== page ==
An effort led by the Oneida Indian Nation to have Washington D.C.'s professional football team change its name has gained more support from members of Congress.
U.S. Sen. Maria Cantwell, D-Wash., and Rep. Tom Cole, R-Okla., sent a letter Monday to NFL Commissioner Rodger Goodell urging the league to take a stand for the Washington Redskins to change its team name.
Other members of Congress, including Syracuse Rep. Dan Maffei, have publicly said they don't support the use of the Redskins name.
In the letter, Cantwell, the chair of the Senate Indian Affairs Committee, and Cole say the term is an "insult" and "disparages" Native Americans. Many Native Americans say the term is a racial slur and offensive. The public relations effort to pressure the Redskins club has been led by the Oneida of upstate New York under the group Change the Mascot.
A spokesman for the Redskins said in an email, "with all the important issues Congress has to deal with such as a war in Afghanistan to deficits to health care, don't they have more important issues to worry about than a football team’s name?"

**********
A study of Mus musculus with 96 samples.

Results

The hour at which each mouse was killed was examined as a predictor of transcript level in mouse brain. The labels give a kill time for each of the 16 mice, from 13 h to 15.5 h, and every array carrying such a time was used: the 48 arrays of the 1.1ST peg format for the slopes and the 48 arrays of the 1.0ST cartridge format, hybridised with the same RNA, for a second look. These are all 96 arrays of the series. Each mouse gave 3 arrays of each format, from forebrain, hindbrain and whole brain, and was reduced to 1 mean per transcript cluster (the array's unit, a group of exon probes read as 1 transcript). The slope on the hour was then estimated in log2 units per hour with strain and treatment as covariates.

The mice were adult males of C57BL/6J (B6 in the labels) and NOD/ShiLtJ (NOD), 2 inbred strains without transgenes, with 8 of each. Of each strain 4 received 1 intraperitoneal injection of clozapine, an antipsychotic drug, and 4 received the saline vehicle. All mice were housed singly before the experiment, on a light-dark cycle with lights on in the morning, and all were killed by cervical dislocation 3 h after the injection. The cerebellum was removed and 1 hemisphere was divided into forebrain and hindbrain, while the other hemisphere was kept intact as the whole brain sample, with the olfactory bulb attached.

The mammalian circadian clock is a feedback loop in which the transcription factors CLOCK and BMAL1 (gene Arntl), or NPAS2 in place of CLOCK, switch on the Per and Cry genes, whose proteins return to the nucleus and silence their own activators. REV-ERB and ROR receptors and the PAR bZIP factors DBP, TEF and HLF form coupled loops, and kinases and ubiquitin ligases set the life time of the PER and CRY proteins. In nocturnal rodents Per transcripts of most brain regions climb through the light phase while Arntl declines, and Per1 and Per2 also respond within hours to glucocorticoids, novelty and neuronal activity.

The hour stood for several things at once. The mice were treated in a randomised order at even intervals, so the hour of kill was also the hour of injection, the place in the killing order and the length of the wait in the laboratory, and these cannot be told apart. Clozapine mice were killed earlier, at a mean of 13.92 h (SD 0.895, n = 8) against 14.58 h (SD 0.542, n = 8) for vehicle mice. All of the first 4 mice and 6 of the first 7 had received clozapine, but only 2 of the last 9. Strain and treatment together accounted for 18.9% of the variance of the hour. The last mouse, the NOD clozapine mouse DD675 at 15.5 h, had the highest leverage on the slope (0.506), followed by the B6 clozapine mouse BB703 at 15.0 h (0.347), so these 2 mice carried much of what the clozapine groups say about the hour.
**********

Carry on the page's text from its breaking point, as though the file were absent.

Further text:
An NFL spokesman did not return an email, but Commissioner Goodell told media outlets shortly before the Super Bowl that the Redskins use the name with "honor." That's a similar position team owner Daniel Snyder has taken, calling the name a badge of honor and saying he'll never change it.
"Saying the Washington football team 'honored Native Americans' perpetuates a charade that dishonors Native people and their governments and erodes the reputation of the National Football League," the lawmaker's letter says.
The Oneida launched the Change the Mascot campaign last year, which has resulted in a meeting with the NFL and a public forum in the capital. Oneida Nation Representative Ray Halbritter issued the following statement in response to the letter:
The NFL is a publicly subsidized $9 billion-a-year brand with global reach, and it is using those public resources and that brand to promote a dictionary defined racial slur. While the Washington team somehow claims that Congress has better things to do than intervene in a serious issue that involves taxpayer dollars, it is the exact opposite: Congress has a responsibility to the American people to put an end to this kind of taxpayer-subsidized bigotry. We are thrilled to have these congressional leaders from both parties speaking out on behalf of the ‘Change the Mascot’ campaign and urge them to take immediate action to prevent the league from using any more public resources to promote hatred against Native Americans.